Compared to the city, country roads can be a barrel of fun on a motorcycle. It’s why most of us ride. To be able to have a fang in the hills can be pure magic.
Here’ a few tips to get the best from your riding and keep safe on country roads.
1. Cattle grids
These can be treacherous on a motorcycle, especially when wet. Approach cattle grids with caution.
Avoid crossing grids at the join if two grids have been used, the gap can be wide enough for a motorcycle tire. Its not unheard of to see grids dislodged and popped out by heavy trucks.
Get all your braking done nice and early and square the bike up well before you approach the grid. Ride across with a steady throttle so the bike is nicely balanced with little chance of wheel spin.
Some country roads, especially if narrow, can be heavily cambered for drainage. As you corner the camber can change from negative to positive and back.
The tire contact patch also changes on the bike, which can affect steering geometry and your feel through the handlebars. Anticipate less grip and reduced ground clearance on negative cambers and adjust your speed and lean angle to suit.
3. Road surface
A lot of country roads in Australia have poor surfaces, with potholes, gravel, and poor edging affecting your line through a corner. Always scan between the vanishing point and road surface so you can adjust your speed and road position as required.
4. Hill crests
The old adage look before you leap is something to live by and especially true when riding a motorcycle. What’s around the corner or over the hill? Wildlife, gravel, oil, potholes or farm machinery travelling at 10kmh?
Adventure riders know this as they often stand up, giving a greater view over the top of the hill. On a road bike lift your head as much as possible to peak over the hill; the earlier you can spot a hazard the better.
Your bike can go light, especially in the front. Its better to slow down on the approach to the crest and accelerate once you can see the road is clear. However be aware that cattle grids can sometimes be on the crest of a hill.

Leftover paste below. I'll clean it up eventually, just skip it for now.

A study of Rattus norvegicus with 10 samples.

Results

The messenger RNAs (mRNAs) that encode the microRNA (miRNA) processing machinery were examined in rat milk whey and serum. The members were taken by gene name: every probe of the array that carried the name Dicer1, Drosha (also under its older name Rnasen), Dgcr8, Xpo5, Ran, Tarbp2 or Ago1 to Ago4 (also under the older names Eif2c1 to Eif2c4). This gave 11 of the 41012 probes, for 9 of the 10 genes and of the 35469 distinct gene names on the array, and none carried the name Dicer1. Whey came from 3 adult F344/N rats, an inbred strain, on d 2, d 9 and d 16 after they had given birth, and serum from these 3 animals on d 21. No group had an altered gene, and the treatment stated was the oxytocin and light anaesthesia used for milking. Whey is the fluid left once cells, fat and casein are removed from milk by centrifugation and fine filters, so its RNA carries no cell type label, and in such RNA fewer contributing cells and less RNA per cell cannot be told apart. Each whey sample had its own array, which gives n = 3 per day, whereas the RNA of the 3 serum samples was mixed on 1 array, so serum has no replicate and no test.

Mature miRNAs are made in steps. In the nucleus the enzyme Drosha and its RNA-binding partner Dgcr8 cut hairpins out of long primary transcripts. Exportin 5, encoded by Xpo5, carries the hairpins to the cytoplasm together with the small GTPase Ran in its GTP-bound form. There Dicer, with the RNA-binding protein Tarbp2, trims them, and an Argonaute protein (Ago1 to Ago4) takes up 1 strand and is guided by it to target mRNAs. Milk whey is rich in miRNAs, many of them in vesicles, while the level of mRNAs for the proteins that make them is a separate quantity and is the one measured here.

5. Group riding
The biggest challenge with riding in a group is the range of abilities and not wanting to be left behind.
If there is a problem and you need to stop, consider 100 km/r is almost 30 meters in one second and your total stopping distance will also include perception and reaction times of typically 1-2 seconds. That’s 60 meters before you even apply the brakes.
Smart riders stay in their comfort zone. Leave at decent gap to give yourself plenty of room and ride within your own limits.
In Australia many thousands of collisions occur each year between motor vehicles and animals, mostly on country roads. These can range from stray stock to wildlife, mainly Kangaroos and wallabies. Riders need to be especially vigilant at high-risk times of dawn, dusk, and at night.
7. Wooden bridges
Much the same as cattle girds, wooden bridges can be treacherous on a motorcycle, especially when wet. You should ride across single vehicle bridges in the vehicle track rather than the middle. Also look out for slippery metal bolt and rivet heads.
Get all your braking done nice and early and square the bike up well before you approach the bridge. Ride across with a steady throttle so the bike is nicely balanced with little chance of wheel spin.
Start your corner entry wide so you have good vision and a nice smooth line. Plan to exit the corner tight, which keeps you away from the head-on zone and gives you some room for error. Adjust your speed to suit how far you can see. If your vision to the vanishing point diminishes, reduce your speed.
Its most likely you will want to stop along the way for a break or to take in the views.
It sounds obvious, but park somewhere safe, if it’s a fun road there may be other like-minded spirited riders or drivers. Try to scan the area as you approach and plan where you will park. Watch out for the camber when you come to put your foot or bike stand down. If it’s up hill you may need to use your rear brake and park the bike in gear to prevent rolling back. Always try and park your bike pointing up the hill, unless it’s got a reverse gear!
Over half of motorcycle deaths occur on corners, with 90% of fatalities happening when the bike crosses into the oncoming lane or runs off the road.
Quality training, in a controlled and safe environment, will help a rider develop and understand their own and their machines capabilities, road-craft and attitude, improving your ability to survive on the road.
Have fun and remember, ride to survive.